British-born, Paris resident for more than 50 years, dramatist Peter Brook died on Saturday, aged 97, according to the director's entourage, who was cited by Le Monde.
"Peter Brook gave us the most beautiful silences in the theatre, but this last silence is infinitely sad," tweeted Rima Abdul Malak, France's culture minister.
Considered one of the most influential theatre directors of the 20th century, Brook's work was showcased at the Bouffes du Nord theatre in Paris where he was based.
"With him, the stage was stripped back to its most vivid intensity. He bequeathed so much to us," added Abdul Malak.
"The Mahabharata", a nine-hour version of the Hindu epic, originally produced in 1985, is considered his greatest work.
Brook was born in London on 21 March,1925, to a family of Jewish scientists who had emigrated from Latvia.
He began directing at age 17, and was considered gifted in the theatrical arts from the very start of his career, becoming an acclaimed director in London's West End by his mid-20s, directing hits on Broadway before he turned 30.
Brook's work as a director of "Marat/Sade" in 1964 garnered a Tony award.
His work was not honed on solely directing theatre, however.
"Lord of the Flies" (1963), his first movie, based on the William Golding novel about schoolboys marooned on an island who turn on each other, became an instant classic.
He also wrote the groundbreaking "The Empty Space" in 1967, considered one of theatre's most influential texts.
"I can take any empty space and call it a bare stage," he wrote.
"A man walks across an empty space whilst someone else is watching him, and this is all that is needed for an act of theatre..."
Moving to Paris permanently in 1971, Brook set up the International Centre for Theatre Research at the Bouffes du Nord, an old music hall.
He became interested in working with actors from different cultures, in different cultures.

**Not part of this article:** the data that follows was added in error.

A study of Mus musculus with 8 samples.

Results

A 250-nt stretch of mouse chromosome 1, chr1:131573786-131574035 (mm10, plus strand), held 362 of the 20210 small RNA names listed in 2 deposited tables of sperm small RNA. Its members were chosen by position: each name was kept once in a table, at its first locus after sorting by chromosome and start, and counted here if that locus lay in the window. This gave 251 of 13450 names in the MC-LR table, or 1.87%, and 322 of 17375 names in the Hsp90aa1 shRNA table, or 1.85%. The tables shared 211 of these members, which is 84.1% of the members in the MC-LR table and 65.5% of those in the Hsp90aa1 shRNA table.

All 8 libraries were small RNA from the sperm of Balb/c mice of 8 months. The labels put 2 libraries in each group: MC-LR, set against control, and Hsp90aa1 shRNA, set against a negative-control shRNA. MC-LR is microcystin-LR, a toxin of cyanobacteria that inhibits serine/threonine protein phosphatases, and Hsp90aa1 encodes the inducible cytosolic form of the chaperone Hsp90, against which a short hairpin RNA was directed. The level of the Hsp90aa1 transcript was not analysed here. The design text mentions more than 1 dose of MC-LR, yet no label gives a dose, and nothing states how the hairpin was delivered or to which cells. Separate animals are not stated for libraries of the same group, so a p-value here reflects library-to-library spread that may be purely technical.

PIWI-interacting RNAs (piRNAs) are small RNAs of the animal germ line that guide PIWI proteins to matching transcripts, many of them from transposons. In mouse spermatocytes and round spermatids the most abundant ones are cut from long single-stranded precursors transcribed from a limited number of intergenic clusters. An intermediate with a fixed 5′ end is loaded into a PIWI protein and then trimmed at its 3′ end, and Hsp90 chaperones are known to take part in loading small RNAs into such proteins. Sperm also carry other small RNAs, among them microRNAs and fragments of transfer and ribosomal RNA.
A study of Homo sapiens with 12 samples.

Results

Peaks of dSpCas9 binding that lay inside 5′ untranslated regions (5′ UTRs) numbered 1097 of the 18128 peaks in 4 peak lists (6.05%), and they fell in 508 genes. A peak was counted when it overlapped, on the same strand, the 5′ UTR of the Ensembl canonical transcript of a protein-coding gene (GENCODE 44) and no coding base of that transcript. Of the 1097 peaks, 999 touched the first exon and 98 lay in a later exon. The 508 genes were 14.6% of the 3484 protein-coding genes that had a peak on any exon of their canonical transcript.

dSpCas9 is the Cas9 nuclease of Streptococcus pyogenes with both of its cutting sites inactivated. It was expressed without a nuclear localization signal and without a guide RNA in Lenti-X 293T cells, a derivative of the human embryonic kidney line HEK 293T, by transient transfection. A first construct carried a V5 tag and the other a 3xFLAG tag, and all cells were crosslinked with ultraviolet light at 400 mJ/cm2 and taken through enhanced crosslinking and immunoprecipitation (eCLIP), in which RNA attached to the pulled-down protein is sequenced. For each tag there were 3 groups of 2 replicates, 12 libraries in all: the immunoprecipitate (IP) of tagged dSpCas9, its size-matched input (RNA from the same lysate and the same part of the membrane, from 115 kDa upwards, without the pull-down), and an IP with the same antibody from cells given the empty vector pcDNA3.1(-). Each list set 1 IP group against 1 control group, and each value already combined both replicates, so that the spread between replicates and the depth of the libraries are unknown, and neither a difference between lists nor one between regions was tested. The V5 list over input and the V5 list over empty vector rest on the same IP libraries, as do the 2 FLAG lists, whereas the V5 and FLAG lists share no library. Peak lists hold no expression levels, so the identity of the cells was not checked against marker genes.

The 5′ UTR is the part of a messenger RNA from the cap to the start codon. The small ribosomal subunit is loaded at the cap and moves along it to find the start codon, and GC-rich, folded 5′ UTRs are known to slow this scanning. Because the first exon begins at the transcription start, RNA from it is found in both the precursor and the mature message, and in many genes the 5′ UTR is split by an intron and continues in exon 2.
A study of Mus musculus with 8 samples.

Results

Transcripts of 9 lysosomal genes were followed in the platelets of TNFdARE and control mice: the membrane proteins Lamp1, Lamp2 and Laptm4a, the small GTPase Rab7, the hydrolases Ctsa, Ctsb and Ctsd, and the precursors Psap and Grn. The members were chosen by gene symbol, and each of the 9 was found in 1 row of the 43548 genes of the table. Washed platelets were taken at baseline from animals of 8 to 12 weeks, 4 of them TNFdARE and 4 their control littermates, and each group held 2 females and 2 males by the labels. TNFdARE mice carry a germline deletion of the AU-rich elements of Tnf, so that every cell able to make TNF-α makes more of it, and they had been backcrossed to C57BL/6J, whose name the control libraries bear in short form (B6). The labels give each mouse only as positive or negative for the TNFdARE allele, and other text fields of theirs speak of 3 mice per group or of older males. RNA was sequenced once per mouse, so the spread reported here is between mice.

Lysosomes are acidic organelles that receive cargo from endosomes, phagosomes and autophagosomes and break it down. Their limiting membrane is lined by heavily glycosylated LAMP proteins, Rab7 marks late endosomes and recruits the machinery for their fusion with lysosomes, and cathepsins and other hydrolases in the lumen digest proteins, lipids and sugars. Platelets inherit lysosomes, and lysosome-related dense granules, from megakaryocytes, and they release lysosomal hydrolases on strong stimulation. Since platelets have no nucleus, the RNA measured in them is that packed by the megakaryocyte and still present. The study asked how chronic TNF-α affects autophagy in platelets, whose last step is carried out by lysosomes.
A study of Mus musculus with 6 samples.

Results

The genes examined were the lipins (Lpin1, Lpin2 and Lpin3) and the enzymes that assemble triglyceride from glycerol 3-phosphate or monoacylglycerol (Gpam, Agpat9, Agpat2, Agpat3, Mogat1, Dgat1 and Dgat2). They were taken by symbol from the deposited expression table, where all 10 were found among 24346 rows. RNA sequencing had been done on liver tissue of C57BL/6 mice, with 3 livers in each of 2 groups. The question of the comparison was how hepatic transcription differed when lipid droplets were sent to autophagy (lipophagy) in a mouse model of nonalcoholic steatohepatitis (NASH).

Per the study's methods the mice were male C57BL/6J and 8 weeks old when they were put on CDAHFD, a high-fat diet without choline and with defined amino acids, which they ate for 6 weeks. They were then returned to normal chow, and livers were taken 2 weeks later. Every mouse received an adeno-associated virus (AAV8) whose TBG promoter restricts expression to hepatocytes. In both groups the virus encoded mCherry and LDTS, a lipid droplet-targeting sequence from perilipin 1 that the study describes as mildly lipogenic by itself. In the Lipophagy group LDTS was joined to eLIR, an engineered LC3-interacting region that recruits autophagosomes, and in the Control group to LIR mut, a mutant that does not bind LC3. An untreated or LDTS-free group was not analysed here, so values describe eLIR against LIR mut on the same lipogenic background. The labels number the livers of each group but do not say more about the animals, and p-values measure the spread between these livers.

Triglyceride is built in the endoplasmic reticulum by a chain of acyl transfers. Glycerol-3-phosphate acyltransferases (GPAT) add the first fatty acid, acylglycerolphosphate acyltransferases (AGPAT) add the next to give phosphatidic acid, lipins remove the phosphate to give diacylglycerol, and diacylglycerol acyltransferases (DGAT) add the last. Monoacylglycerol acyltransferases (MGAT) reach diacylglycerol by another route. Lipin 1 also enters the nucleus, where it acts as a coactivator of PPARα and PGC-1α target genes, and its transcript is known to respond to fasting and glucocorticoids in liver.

In 1972, he brought a group of actors, including British actress Helen Mirren and Japanese actor Yoshi Oida on a 13,600-kilometre voyage across the African continent to test his ideas in theatre.
In "Conference of the Birds: The Story of Peter Brook in Africa", drama critic John Heilpern tells of their journey in a book that became a bestseller.
"Every day they would lay out a carpet in a remote village and would improvise a show using shoes or a box," said Heilpern, speaking to the BBC.
"When someone entered the carpet the show began. There was no script or no shared language."
However, the trip had its downsides; most of the company caught dysentery or other tropical diseases, including actor Mirren, who left soon afterwards.
Returning to Paris, Brook returned to his experimental theatre at the Bouffes du Nord, occasionally carrying out touring productions globally.
In 1993, he came out with the hit, "L'Homme Qui", based on Oliver Sacks' bestseller about neurological dysfunction, "The Man Who Mistook his Wife for a Hat".
He was a hit back in the UK in 1997, directing Samuel Beckett's "Happy Days". His wife, Natasha Parry, an actress, played in the lead.
He was touted as "the best director London does not have".
Accolades later in life, too
He remained at the Bouffes du Nord, continuing to direct, but left its helm when he turned 85 in 2010.
One of his most remarkable pieces came later in life, when he wrote and staged "The Prisoner", aged 92, based on his own spiritual journey to Afghanistan in 1978.
He had traveled just before the Soviet invasion to shoot the movie, "Meetings with Remarkable Men".
It was an adaption of a book by George Gurdjieff, a mystical philosopher whose sacred dances Brook performed daily for years.
In 2015, his wife, Parry, died, which had a major impact in his life.
"One tries to bargain with fate and say, just bring her back for 30 seconds," he said.